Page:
There are no such things as ugly wins. Ask any coach or player in an honest moment, and they will tell you. Victories are difficult enough to get without placing qualifiers on them, and in Vanderbilt’s case there is no qualifier anywhere. A win is a win.
Vanderbilt picked up its first conference win of the Derek Mason era in a 10-3 slugfest over Missouri. It was a game that lacked any aesthetics, except the win itself. Freshman Kyle Shurmur did get the start at quarterback, though the commitment was half-hearted. Johnny McCrary played often, but only the positives here. Derek Mason came to Vanderbilt as a defensive genius, having dedicated himself back to that this season. The defense has been exemplary, and Saturday it was outstanding, regardless of the state of the Mizzou offense.
Missouri has now gone three full games without a touchdown. Original starting QB Maty Mauk’s indefinite suspension has sunk this team, and freshman Drew Lock in way over his head. The two-time defending Eastern Division champions are now in the cellar, 1-4 in conference play. They have mustered but four field goals in their last three games. No matter how excellent a defense is, it cannot overcome that sort of futility—something Vanderbilt fans know well.
The day started with controversy, as Vanderbilt forced a fumble on the opening kickoff, astonishingly not called a fumble on the field or in the replay booth. This was a game with far too many replay disruptions from what has to be the worst officiating crew in this or any other conference. It was comical if not sad. Replay was never designed to be a crutch for the officials, only a backup system to be used on rare occasions of obvious uncertainty. By my unofficial count, there were eight replay reviews in this game, probably six too many.
About that Vanderbilt defense. This was the fewest points Vanderbilt had scored in a conference win since 1968. Missouri was held to 188 yards total offense, only 80 on the ground, and after picking up a first down on their first play from scrimmage did not pick up their second until just before the end of the third quarter. Many of Mizzou’s yards came at the end as Vandy was trying to funnel them towards the middle and guard against the big play with time on their side. It was as good a defensive performance against a legitimate opponent as the Commodores have had in years. Derek Mason knows defense.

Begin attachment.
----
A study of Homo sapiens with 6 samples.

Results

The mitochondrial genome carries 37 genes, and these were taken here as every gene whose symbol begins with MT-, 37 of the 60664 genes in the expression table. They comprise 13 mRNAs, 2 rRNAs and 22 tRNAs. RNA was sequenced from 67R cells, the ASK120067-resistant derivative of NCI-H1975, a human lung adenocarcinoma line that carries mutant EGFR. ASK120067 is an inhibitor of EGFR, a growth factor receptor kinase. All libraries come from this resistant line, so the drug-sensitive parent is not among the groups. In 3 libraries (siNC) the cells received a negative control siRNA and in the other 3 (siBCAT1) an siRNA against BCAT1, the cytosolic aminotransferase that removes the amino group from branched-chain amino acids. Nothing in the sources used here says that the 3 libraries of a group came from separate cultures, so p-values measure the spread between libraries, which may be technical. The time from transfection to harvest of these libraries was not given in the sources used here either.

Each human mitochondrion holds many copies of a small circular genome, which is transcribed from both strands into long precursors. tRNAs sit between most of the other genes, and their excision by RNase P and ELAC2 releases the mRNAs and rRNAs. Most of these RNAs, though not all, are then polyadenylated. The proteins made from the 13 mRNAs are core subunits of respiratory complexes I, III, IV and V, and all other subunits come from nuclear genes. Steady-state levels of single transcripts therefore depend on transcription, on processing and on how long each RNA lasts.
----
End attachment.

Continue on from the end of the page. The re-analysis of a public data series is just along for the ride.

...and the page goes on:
Offense was still a mess, and the kicking game embarrassingly bad. Mason still cannot figure out what he wants from a quarterback or how to get that out of them. I fear more switching is coming. Shurmur was okay, 10-for-20 on the day; McCrary was sharp with the reduced pressure on him, 7-for-8; and Ralph Webb was the best player, 99 yards on 26 carries with the lone touchdown. Tommy Openshaw missed two more field goals, including a 32-yarder late which kept Missouri in it. Something must give there.
But it was a conference win, with Vanderbilt now 3-4 overall and 1-3 in the SEC. Vandy has the same record overall and in conference play as Tennessee; the same conference mark as Auburn; and fewer conference defeats than Missouri or South Carolina. None of that was expected in August, even at halfway. Next are #18 and 7-0 Houston on the road Saturday night, their first meeting since Vandy’s Compass Bowl victory at the end of a bygone era.